Resurrected Living
"What are you going to do with your new resurrected life? This is the heroic question." Richard Rohr

Our Father

prayer

Language is not perfect but it is what we have. Words may mean different things to different people. The word father may carry a positive connotation with some people and it may carry a negative connotation with others. Our personal experience with our own father affects how we understand this word. Before we begin looking at the Lord’s prayer we must wrestle with our own personal history regarding the word father.

The very use of the word father implies that we already have an intimate relationship with the person whom we are addressing. We are sons and daughters of God. We receive an inheritance. Although calling God father was not common in the Old Testament it does occur. These Old Testament passages give us a context for how this word was used and understood (See Isa. 63:15-19 below). Although we may come to the word father with different feelings, we must understand that God is the perfect father and he wants nothing but good for us.

“Our heavenly Father…”

“Father” is the Greek word pater but the prayer itself was probably first said in Aramaic or Hebrew. It is possible Jesus used the Aramaic word abba in this prayer. Abba is found only once in the gospels (Mk. 14:36), but it is also used by the apostle Paul (Rom 8:15; Gal. 4:6). It is always intriguing anytime a word is left untranslated. How does an Aramaic word such as abba find its way into a Greek text? There must be something special about this word. Rather than trying to translate this intimate word for father we may consider using it in our own prayers. Perhaps the writers of the NT are giving us the very word Jesus used to address God. We can call God abba!

“Heavens” here should be looked at more as a description of father rather than a statement about where God lives. God is our heavenly Father. This is in contrast to any earthly father we may have.

Other Texts

Isaiah 63:15-19 is a prayer that uses the phrase “our Father” twice. Christopher R. Seitz notes the many parallels between the final chapters of Isaiah and the creation account. He writes, “The reference to ‘Our Father’ in the context of broken covenant and supplication indicates how central the creation account has become in times of distress and estrangement. God ‘Our Father’ is an appeal to the basic creation goodness and compassion of God, who has made male and female in God’s own image.”[1] To address God as Father is to be reminded of where we come from and who we are. God is the source of life and we are special because we were created in his image. Also found within this passage is the idea that God our heavenly Father is always present even when our earthly fathers might not “know us” or “acknowledge us.” God will never abandon us. He is our Redeemer (vs. 16). He is able to rescue and deliver us.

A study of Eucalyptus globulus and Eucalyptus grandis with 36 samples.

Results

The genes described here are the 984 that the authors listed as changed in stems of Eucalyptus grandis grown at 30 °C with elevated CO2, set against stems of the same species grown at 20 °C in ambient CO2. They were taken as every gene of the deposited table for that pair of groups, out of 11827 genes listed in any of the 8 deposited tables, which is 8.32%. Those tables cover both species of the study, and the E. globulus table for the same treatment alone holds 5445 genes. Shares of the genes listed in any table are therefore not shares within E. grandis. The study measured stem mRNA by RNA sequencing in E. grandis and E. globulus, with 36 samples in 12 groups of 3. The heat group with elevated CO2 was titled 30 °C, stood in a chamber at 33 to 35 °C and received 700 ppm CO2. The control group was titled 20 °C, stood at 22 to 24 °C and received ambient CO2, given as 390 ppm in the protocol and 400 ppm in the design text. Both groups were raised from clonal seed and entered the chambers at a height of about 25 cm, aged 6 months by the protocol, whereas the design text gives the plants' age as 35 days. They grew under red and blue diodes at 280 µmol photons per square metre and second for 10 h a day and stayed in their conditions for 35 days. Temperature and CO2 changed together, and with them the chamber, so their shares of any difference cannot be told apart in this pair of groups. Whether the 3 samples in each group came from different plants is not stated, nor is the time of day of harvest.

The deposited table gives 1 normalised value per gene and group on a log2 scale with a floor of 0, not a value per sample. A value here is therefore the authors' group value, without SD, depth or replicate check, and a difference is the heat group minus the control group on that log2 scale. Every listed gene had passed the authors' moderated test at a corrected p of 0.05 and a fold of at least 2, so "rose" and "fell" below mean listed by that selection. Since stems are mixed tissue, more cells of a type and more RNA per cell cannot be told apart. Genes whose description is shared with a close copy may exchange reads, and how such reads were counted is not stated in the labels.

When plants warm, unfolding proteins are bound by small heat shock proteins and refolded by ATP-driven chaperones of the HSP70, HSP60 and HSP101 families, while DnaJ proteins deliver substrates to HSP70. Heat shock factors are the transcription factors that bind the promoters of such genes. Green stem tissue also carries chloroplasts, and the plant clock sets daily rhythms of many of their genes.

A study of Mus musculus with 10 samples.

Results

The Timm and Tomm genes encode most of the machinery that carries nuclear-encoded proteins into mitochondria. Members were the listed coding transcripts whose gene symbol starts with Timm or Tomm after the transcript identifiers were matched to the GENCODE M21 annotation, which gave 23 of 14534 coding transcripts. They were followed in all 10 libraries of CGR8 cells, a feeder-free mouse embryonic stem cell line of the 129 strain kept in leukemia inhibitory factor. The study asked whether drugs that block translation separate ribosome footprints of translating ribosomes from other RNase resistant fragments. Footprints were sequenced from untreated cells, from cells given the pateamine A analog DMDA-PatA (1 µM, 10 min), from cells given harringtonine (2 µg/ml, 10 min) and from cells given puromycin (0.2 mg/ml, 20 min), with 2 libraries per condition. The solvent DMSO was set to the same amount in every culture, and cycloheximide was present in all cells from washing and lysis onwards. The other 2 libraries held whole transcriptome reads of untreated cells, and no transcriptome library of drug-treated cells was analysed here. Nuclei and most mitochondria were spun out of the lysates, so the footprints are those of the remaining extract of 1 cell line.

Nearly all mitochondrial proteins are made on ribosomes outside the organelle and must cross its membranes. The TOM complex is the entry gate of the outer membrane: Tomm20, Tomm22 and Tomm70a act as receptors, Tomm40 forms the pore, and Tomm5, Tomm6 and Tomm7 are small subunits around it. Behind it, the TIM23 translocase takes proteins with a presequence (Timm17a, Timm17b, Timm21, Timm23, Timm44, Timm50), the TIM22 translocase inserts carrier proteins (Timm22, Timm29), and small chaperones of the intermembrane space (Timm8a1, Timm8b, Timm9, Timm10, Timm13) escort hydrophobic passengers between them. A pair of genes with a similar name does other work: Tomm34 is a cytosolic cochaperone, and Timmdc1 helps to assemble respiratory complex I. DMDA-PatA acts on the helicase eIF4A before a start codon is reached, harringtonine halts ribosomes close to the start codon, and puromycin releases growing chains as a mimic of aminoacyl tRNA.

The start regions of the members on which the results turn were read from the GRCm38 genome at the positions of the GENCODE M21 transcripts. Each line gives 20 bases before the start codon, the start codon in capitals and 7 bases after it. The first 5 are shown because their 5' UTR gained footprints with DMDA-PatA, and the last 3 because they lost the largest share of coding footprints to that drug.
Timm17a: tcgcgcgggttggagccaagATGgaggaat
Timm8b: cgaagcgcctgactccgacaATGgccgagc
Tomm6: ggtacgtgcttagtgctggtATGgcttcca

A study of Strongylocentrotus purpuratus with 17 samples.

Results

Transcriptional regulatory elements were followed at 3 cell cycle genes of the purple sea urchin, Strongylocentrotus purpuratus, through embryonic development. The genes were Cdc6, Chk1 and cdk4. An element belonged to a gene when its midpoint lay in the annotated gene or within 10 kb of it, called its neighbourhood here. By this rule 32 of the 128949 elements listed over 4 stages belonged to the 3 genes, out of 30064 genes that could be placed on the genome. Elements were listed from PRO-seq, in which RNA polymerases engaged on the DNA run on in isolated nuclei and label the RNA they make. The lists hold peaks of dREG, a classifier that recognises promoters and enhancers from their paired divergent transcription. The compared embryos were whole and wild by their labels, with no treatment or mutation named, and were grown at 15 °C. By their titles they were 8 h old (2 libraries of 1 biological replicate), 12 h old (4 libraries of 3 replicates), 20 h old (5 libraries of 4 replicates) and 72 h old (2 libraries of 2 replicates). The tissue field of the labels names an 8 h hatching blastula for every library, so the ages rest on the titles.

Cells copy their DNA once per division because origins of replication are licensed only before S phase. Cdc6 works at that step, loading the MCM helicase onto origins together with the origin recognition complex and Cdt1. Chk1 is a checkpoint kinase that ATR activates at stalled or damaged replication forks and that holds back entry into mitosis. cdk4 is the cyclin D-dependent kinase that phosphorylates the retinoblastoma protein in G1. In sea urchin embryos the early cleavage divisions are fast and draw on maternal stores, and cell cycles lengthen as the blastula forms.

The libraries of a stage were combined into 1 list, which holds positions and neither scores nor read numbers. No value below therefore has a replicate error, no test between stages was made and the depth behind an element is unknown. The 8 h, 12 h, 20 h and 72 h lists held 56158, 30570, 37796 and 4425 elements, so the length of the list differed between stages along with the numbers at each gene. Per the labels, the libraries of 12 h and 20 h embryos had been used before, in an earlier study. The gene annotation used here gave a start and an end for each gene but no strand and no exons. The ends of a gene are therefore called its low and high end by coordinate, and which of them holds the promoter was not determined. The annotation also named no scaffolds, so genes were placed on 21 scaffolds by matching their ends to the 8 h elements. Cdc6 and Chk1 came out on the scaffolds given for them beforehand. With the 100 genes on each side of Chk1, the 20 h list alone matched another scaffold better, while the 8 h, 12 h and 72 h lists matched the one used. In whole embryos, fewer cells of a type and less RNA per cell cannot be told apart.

Malachi 1:6 is a reminder that it is possible to dishonor God’s name. We have been granted the privilege of calling God father, but we must not abuse this precious gift. We must give honor to whom honor is due.

Luke 15:11-32 is perhaps the richest text on what it means that God is our Father. God is full of grace and mercy. He is willing to take back his son who has dishonored him. He does not hold a grudge. He is not harsh but instead kind and loving. He lavishly celebrates the return of the lost son.

Takeaway

Jesus gives us a way to pray to God that emphasizes our intimate relationship with him. We are children of God Almighty! We should be mindful of this privilege and be thankful for it as we approach God in prayer. We should also remember that we have been created in the image of God and that God loves us no matter what. Even when we disappoint him, he is more than willing to accept us back into the fold.


[1] Christopher R. Seitz,  “Isaiah 40-66,” in The New Interpreters Bible Vol. VI (Nashville: Abingdon, 2001), 527-529.